Dwarf Conifers for All-Season Beauty
By: Mike Darcy
Dwarf conifers are often overlooked as both landscape or container plants. In recent years there have been many new cultivars of dwarf conifers that have been developed to be super compact and slow growing. These make superb garden specimens that will shine all year long, especially in the winter months.
Dwarf Conifers Defined
There has been some confusion, for both the retailer and the consumer, regarding the true definition of a dwarf conifer. To help eliminate this confusion, and to establish some parameters for growth that a homeowner would understand, the American Conifer Society has established two size categories, dwarf and intermediate. Dwarf conifers grow very slowly to a final height of 1-2 feet in ten years. Intermediate conifers, while not technically a dwarf, are compact and can easily be worked into landscapes or containers without becoming large trees. An intermediate conifer will grow up to 12 inches annually and can be selectively pruned to maintain a smaller shape.
Dwarf Conifer Care
In my own garden, I have many containers with dwarf conifers, and they have become an important part of my patio display. They provide an evergreen appearance throughout the year and tolerate our summer and winter conditions. Most grow best in full to partial sun, however read plant tag information regarding sun/shade requirements whenever you purchase a new conifer, so it plant can be planted accordingly. Conifers need well-drained soil with moderate to good fertility, and many like a slightly acid soil pH. For containers, potting mix is critical, and my preference is Black Gold Natural & Organic Potting Mix. I have found that it provides the fertility and good drainage that most conifers need.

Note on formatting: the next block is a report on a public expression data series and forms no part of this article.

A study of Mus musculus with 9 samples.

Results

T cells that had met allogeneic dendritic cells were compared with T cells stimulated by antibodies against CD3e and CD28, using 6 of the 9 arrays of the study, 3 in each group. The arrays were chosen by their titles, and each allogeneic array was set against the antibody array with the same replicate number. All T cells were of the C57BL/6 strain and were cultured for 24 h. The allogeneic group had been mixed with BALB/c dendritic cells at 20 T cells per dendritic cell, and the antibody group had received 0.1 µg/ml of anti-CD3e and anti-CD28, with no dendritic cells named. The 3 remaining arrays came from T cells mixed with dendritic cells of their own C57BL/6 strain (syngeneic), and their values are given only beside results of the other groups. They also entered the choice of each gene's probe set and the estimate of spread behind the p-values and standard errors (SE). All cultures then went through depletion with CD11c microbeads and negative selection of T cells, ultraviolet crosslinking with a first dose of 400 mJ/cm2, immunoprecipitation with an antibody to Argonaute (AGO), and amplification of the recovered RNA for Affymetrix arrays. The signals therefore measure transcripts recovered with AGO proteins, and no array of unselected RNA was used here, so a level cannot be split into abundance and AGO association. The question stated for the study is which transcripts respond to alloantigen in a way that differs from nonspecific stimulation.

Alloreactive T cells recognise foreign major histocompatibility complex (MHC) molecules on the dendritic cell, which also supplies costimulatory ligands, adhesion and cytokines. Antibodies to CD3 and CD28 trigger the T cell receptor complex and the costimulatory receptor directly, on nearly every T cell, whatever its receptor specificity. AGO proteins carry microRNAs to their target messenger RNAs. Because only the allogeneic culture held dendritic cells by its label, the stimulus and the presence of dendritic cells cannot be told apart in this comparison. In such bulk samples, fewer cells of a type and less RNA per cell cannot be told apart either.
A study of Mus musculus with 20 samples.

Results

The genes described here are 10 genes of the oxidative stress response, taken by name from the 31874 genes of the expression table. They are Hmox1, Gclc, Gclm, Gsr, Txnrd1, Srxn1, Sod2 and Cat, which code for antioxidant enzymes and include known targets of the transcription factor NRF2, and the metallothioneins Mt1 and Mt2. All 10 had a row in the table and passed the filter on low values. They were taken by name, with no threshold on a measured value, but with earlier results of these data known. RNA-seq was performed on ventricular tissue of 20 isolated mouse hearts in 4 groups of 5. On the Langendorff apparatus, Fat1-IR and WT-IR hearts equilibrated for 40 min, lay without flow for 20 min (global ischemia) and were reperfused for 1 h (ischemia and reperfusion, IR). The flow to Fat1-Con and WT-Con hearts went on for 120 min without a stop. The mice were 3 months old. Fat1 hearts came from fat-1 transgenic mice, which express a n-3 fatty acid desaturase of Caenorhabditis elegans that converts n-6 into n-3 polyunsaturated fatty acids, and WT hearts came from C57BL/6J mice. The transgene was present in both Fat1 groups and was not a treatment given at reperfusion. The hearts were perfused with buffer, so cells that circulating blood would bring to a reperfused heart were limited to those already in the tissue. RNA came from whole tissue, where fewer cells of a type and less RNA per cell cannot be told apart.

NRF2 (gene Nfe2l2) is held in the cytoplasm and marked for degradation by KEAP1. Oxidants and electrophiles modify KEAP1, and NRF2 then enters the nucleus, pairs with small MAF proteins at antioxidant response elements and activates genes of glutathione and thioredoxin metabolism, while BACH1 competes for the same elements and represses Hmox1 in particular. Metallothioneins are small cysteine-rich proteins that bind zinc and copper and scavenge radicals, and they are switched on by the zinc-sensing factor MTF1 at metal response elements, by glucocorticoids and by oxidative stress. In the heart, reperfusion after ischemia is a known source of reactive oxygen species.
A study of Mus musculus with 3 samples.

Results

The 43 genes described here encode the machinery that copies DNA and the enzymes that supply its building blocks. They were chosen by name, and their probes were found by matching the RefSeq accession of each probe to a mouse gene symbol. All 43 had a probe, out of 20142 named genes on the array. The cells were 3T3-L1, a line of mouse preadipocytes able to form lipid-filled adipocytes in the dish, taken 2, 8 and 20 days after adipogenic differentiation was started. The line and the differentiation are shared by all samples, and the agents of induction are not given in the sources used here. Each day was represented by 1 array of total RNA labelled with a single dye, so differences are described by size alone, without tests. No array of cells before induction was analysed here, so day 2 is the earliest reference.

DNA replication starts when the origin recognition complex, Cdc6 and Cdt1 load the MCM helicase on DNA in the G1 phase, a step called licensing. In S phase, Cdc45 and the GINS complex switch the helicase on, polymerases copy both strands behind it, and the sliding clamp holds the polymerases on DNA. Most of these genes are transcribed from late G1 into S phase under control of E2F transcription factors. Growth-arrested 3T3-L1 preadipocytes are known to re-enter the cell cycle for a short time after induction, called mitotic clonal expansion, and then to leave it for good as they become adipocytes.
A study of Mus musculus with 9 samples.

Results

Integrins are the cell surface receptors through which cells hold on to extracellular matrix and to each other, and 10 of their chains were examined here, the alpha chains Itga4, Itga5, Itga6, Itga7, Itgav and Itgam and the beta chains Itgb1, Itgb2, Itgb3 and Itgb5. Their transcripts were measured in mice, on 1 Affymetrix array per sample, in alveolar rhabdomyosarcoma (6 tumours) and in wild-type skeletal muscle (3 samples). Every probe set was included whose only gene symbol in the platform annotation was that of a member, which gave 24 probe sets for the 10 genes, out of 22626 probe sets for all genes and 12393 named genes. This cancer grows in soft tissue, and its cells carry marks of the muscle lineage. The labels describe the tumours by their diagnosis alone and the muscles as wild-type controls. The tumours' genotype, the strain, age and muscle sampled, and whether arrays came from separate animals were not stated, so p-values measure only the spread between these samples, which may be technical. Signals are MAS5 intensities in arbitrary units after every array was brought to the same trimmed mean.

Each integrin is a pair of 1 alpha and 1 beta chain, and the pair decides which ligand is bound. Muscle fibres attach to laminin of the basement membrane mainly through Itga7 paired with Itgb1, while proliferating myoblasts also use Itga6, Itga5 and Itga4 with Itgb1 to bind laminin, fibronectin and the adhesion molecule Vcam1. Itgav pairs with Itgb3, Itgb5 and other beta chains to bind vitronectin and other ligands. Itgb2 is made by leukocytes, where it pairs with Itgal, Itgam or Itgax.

Favorite Dwarf Conifers
It is always difficult to make a list of favorite plants, but I have carefully chosen select dwarf conifers for my garden. Here are some of my garden favorites along with a few other garden-worthy selections.
Two of my favorites are Korean firs (Abies koreana). The first is the conical golden Korean fir (Abies koreana ‘Aurea’), which has needles that are lemon yellow and quite attractive when in a bed with a background of green foliage. This intermediate conifer grows very slowy but can reach a final height of 8 feet or more. The second is the silver dwarf Korean fir (Abies koreana ‘Horstmann’s Silberlocke’), which has needles that slightly curl around the stem to reveal blue-green needles with silver-white undersides. It is also an intermediate conifer but is easily kept small by pruning. I have to admit that the ‘Horstmann’s Silberlocke’ is my favorite. It gets many comments from garden visitors.
Japanese Plum Yew
A conifer with beautiful upturned needles and a low, spreading habit is spreading Japanese plum yew (Cephalotaxus harringtonia ‘Prostrata’). It creates perfect evergreen cover where a low grower is needed, and it performs best when given afternoon shade. Another choice variety is ‘Korean Gold’, with its beautiful lemon-yellow needles with dark green undersides. It is a real attention getter in the garden
Dwarf Hinoki cypress (Chamaecyparis obtusa ‘Nana Gracilis’) has dense, lush, green fans of foliage and a very compact habit (3-6 feet when mature). Another cultivar that provides an interesting contrast of colors is the white tipped dwarf Hinoki cypress (Chamaecyparis obtusa ‘Snowkist’). This is considered a dwarf conifer, and its outstanding feature is dark green foliage with creamy white variegated tips. It has a globe shape and will not get much larger than 3-4 feet.
For something with a weeping shape, consider weeping western hemlock (Tsuga heterophylia ‘Thorsen’s Weeping’). It is very small and slow growing; in only 10 years it will reach just 1 foot. It has a weeping shape and can be staked to form a fountain effect or left alone to weep over the side of a pot.
There are many compact spruces (Picea spp.) available that are perfect for containers and small spaces. The classic bird’s nest spruce (Picea abies ‘Nidiformis’) is a low grower that has a tidy nest-like habit. It grows very slowly, reaching 2-feet high and several feet wide in 10 years. The bushy dwarf Norway spruce (Picea abies ‘Pumila’) is comparable but is rounded and does not spread. Another to try is the conical Daisy’s White spruce (Picea glauca ‘Daisy’s White’), a gem with creamy white new growth that darkens to blue-green by summer. It is very slow growing and gets to just 3 feet after 10 years.
Due to smaller lot sizes and with more people living in apartments and condominiums, many garden centers have increased their selection of dwarf conifers. Check with your local garden center and you may be very surprised at the choices available.